Stitchopedia Video & Photo Tutorial
The slip stitch edge creates little nubs on the edge of your work, one nub for every other row. It’s a sturdy edge that is easy to seam together. It’s also a super easy edge to make, as it is worked the same way on every row.
If you can’t see this video, try watching it on YouTube HERE.
You can also watch a short version on Tangi HERE.
Written instructions with photos
Stitches and Abbreviations:
k – knit
p – purl
st(s) – stitch(es)
The slip stitch edge affects the first and last stitch of each row. This means you will either want to change the first and last stitch in your pattern accordingly, or add a stitch on either end of your pattern for the edging.
On the right (front) side rows, slip the first stitch knit wise. This means insert your needle into the first stitch as if you were going to knit it, and then slip it off the left needle.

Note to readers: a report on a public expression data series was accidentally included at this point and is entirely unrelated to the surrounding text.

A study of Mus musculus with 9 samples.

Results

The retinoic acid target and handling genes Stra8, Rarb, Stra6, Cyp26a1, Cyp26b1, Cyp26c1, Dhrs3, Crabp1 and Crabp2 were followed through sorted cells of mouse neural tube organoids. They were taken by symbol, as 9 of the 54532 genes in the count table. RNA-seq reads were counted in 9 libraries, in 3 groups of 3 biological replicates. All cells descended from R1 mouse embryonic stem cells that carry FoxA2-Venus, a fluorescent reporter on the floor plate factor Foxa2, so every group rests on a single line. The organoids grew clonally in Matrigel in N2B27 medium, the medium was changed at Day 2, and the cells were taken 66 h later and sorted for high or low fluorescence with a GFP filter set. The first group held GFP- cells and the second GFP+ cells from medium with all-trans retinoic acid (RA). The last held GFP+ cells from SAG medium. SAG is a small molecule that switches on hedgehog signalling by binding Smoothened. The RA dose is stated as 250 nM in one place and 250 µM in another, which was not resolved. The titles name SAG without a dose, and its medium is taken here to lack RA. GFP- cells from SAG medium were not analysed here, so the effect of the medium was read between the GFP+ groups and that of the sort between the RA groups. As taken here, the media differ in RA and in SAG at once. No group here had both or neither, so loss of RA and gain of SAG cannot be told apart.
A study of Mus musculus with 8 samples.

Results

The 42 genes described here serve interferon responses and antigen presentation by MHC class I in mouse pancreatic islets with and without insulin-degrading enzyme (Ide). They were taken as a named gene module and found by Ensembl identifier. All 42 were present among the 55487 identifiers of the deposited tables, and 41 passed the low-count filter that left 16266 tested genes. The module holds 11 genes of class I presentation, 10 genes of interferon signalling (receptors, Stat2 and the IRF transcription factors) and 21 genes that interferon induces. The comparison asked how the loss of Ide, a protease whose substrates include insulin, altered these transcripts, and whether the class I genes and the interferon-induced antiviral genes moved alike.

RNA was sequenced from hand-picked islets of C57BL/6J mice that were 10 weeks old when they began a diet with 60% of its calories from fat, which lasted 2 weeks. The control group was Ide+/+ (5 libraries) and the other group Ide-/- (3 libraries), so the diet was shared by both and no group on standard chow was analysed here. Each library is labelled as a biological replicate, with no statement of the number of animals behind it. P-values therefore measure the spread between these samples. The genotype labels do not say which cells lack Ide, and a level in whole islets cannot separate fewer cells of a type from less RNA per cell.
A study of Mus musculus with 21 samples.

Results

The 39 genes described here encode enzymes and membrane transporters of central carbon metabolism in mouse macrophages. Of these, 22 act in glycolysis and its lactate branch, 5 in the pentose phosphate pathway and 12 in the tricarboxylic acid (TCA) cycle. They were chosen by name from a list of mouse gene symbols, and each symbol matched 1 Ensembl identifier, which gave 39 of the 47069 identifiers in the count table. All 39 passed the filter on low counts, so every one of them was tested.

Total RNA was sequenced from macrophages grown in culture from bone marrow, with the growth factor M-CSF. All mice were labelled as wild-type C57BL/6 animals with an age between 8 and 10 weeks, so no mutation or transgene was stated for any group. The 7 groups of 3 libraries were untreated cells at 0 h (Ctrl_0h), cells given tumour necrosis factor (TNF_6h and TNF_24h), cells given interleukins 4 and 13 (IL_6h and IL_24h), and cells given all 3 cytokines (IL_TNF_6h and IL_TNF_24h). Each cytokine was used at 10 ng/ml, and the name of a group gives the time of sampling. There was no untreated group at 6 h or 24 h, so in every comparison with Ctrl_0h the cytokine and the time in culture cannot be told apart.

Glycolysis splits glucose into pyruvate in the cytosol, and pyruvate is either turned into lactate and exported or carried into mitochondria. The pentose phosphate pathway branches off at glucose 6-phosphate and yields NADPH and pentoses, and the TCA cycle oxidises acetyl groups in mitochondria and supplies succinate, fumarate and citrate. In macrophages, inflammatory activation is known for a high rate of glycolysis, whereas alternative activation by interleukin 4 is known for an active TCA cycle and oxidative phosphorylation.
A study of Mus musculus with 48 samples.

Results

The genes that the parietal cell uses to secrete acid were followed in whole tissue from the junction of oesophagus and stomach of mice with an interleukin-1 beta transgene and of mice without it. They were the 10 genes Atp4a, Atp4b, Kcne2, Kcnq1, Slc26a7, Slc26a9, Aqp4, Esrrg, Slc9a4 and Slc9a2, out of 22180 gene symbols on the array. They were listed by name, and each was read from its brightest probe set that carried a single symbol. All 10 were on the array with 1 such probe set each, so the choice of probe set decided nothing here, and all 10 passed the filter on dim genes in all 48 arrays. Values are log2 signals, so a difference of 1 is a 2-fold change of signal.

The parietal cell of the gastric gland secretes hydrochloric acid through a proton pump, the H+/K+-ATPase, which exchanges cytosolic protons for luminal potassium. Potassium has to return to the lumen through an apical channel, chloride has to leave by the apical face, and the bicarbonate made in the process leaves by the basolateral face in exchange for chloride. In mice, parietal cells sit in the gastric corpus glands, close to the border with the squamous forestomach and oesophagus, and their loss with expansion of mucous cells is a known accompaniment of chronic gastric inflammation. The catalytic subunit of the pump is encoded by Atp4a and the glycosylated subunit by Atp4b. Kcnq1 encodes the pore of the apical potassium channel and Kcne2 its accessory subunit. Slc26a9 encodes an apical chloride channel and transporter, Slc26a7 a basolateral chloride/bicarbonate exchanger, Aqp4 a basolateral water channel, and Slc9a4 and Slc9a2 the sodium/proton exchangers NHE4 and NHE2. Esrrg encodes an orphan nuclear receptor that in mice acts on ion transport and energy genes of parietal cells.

Now work your row as desired until there is only one stitch left.
Knit the last stitch.
Work the wrong side rows in the same manner as the right side rows.
Slip the first stitch knit wise.
Work the rest of the row as desired until there is only one stitch left.
knit the last stitch
That’s all it takes. The first stitch of every row is slipped knit wise and the last stitch of every row is knitted. Easy-peasy.
The slip stitch edge creates a little nub or bump on the edge of every other row, so counting rows and seaming rows are both simple.
Here are some supplies you may find useful.
Happy stitching my friends.
Now that you know how make the slip stitch edge, try using it with one of these.